Australia’s top banana scientists gathered in Brisbane in April to share the latest research helping to protect and improve farming of the nation’s favourite fruit.
Over the course of two days, more than 30 scientists delivered updates to an audience of almost 80 people on a range of topics including Panama disease, diagnostics, consumer acceptance and pest management. The fast-paced, informative presentations were broken up with networking opportunities, allowing the vast community of researchers to develop relationships and share ideas.
Stewart Lindsay is the Team Leader for Banana Production Systems with the Queensland Department of Agriculture and Fisheries. He, along with his project team of Tegan Kukulies, Ingrid Jenkins, Shanara Veivers and Rob Mayers – with the ABGC’s Dr Rosie Godwin – organised the event under the banana plant protection project.
“If you went back even 6 or 7 years, the banana research community in Australia was relatively small,” Mr Lindsay said. “Now in 2021 you only have to look at the staff from 11 different agencies and universities that are here now to know there’s a lot more plant protection work going on in bananas. And we organise these events because of concerns from funding agencies and industry that those scientists working in banana research now aren’t necessarily engaging with each other as much as they could, which means they might be missing opportunities to collaborate or share their findings. Not that they have to, of course, but we shouldn’t miss those opportunities. It’s really about better interaction and communication, hoping that we can expand projects and collaboration, ultimately to improve research outcomes for the banana industry.”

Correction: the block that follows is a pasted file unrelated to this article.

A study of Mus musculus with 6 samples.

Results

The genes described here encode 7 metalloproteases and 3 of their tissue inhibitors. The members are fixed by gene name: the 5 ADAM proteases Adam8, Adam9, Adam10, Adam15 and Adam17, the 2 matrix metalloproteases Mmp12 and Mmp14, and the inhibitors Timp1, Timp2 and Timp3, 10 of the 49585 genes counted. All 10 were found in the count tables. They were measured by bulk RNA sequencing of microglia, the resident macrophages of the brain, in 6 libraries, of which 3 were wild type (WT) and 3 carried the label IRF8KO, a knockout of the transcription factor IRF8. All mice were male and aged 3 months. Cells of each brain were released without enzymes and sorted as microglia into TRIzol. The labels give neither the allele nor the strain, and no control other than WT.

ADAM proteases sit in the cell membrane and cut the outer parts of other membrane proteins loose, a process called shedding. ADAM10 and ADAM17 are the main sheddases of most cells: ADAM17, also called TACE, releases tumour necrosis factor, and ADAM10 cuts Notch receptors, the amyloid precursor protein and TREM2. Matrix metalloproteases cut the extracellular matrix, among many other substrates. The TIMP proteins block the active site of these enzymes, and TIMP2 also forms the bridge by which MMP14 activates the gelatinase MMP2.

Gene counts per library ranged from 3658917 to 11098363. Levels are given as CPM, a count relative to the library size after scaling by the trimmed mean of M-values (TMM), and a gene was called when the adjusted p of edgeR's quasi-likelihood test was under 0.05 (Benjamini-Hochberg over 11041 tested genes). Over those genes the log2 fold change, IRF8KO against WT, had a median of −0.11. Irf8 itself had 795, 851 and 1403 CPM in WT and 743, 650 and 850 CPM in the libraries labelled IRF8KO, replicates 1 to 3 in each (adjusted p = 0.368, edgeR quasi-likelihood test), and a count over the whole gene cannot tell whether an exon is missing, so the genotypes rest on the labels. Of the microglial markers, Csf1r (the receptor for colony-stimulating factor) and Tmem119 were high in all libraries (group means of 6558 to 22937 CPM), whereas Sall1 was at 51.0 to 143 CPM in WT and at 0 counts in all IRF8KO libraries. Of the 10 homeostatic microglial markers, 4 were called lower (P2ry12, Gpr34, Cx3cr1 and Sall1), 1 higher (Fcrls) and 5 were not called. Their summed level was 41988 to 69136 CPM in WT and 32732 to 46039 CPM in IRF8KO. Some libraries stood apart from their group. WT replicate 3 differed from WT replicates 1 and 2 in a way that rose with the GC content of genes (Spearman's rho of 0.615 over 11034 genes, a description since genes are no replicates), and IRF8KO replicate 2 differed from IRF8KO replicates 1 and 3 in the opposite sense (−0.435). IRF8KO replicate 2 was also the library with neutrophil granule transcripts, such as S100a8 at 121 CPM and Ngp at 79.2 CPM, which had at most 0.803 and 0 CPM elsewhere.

Not only is the banana industry now investing more money in plant protection, the success of the previous Scientific Symposium in 2018 – conveyed via word of mouth as well as through project networks – meant a surge in attendance for 2021. While COVID-19 prevented some people from being there in person, it also provided an added incentive to make the most of a rare chance to catch-up. “I think one of the reasons we have nearly 80 participants this time is that people haven’t had the opportunity to travel, to go to international conferences or even mingle for a long period of time,” Mr Lindsay said.
“We had a lot of strong feedback when we asked people if they wanted us to do this symposium completely online – we got a resounding ‘no, let’s wait’ as they really wanted to meet in person. It’s the networking that matters. It’s about building people’s knowledge, but it’s also equally about building those relationships and networking.”
The event itself is not designed to replace any interaction or opportunities to share research with growers. Rather, it’s a forum for the scientific community to talk among themselves – scientists talking with scientists about the science.
“People embraced the opportunity to network and openly share their work,” Mr Lindsay said. “I commend everybody for the spirit in which they’ve participated.” Mr Lindsay also paid tribute to the Plant Protection project team for their ‘mammoth’ efforts in organising this year’s event.